By Jeffrey Damicog
Kapa-Community Ministry Inc. founder and president Joel Apolinario and his two co-respondents have been allowed by the Department of Justice (DOJ) Monday (July 15) more time to respond to the criminal complaint alleging that they are involved in an investment scam.
“We have to request for an extension because we still have to thoroughly study the records considering that the documents that were furnished to us are quite voluminous,” said lawyer Mae Divina Gracia who is the legal counsel of Apolinario and his two co-accused, Reyna Apolinario and Rene Catubigan.
“And we also have to fly to Saranggani to conduct the necessary interviews,” she added.
During the preliminary investigation hearing held at the DOJ, the panel of prosecutors chaired by Assistant State Prosecutors Zenamar Machacon-Caparros granted the appeal of Gracia to allow her clients to file counter-affidavits this July 29.
Gracia’s clients were also permitted to swear their respective counter-affidavits before government prosecutors in Sarangani province.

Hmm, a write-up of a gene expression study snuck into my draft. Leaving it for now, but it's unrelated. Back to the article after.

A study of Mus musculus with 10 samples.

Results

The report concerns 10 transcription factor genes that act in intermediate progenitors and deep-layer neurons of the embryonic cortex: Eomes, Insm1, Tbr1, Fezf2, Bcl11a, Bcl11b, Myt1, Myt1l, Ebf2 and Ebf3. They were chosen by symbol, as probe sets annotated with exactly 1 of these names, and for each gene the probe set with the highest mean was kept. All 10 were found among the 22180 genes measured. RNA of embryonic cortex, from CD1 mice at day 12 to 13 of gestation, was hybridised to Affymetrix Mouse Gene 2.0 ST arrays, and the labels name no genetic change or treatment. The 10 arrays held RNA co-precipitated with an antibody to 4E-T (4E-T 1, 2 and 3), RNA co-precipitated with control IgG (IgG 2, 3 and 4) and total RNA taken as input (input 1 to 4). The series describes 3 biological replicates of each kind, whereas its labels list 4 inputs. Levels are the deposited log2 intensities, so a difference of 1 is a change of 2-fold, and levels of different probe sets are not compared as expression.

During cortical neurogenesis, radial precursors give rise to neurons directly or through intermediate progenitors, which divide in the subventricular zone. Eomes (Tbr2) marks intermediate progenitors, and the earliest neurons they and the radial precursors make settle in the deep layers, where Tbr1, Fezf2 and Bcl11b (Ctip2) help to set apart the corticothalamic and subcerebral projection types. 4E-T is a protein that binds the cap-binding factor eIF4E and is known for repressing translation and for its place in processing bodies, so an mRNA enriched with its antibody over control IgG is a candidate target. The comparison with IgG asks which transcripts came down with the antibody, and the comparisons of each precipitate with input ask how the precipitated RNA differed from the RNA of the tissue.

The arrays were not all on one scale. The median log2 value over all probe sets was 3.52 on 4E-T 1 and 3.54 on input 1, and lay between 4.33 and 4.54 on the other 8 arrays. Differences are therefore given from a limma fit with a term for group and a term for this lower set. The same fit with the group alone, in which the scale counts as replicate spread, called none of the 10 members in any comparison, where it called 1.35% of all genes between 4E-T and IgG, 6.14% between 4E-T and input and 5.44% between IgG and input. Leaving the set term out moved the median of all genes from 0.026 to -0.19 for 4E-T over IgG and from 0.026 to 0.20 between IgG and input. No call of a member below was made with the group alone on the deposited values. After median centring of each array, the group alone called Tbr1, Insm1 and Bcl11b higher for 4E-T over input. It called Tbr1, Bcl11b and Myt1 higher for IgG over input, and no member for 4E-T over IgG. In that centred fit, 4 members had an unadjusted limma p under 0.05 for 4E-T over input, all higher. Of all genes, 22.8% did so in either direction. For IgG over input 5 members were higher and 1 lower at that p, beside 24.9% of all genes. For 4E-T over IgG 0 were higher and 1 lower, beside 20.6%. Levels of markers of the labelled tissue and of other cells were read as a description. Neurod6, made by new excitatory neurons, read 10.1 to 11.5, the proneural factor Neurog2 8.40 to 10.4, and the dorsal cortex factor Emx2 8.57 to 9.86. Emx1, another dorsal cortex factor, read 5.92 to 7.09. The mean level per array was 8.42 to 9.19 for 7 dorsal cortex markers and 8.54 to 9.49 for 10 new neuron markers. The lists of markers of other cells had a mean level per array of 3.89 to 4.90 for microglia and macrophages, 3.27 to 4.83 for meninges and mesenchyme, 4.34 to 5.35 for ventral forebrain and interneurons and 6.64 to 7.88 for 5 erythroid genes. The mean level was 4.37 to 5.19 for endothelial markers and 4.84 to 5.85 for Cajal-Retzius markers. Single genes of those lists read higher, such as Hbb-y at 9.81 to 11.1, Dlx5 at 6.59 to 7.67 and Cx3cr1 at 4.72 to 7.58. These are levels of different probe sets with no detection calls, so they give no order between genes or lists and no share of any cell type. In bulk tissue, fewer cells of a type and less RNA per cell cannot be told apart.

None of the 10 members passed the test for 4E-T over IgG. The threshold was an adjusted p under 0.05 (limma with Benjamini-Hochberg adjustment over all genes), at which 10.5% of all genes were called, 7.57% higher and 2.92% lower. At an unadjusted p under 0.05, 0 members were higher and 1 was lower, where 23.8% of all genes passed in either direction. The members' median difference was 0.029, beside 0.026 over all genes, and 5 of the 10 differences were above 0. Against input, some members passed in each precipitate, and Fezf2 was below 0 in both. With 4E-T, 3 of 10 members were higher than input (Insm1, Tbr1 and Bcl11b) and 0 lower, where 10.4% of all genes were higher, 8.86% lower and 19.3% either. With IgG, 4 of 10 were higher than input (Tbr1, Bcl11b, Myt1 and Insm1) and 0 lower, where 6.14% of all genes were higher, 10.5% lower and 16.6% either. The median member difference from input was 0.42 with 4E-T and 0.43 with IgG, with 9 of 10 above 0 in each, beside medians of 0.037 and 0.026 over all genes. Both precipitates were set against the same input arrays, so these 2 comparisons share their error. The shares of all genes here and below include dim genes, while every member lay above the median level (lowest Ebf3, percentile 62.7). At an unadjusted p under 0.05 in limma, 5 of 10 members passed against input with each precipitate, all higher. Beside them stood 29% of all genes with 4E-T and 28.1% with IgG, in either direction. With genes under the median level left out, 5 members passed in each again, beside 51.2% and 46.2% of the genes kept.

None of the eight respondents were present during the hearing and only Gracia was there to represent her three clients before the panel.
The panel is currently conducting the preliminary investigation of the complaint filed by the Securities and Exchange Commission (SEC) which accused Kapa of violating Sections 8, 26, 28 of Republic Act No. 8799, the Securities Regulation Code (SRC).
Aside from the three, the other respondents in the complaint are Margie Danao, Catherine Evangelista, Marisol Diaz, Adelfa Fernandico, and Moises Mopia.
“Those who sell or offer securities to the public without the necessary license may be held criminally liable and accordingly sanctioned or penalized pursuant to the decision of the Supreme Court in the case of the SEC vs. Oudine Santos on March 19, 2014 and within the definition of securities solicitation in the 2015 SRC Rules,” the SEC previously stated.
It said those who are found guilty “face a maximum fine of P5 million or imprisonment of seven to 21 years, or both.”
The SEC also found Kapa to have employed “a Ponzi scheme, an investment program that offers impossibly high returns and pays investors using the money contributed by other investors.”
“This qualifies as a fraudulent transaction prohibited under Section 26 (26.3) of the SRC,” it stated.
Under the scheme, the SEC explained Kapa “enticed the public to ‘donate’ at least P10,000 in exchange for a 30% monthly ‘blessing’ or ‘love gift’ for life, without having to do anything other than invest and wait for the payout.”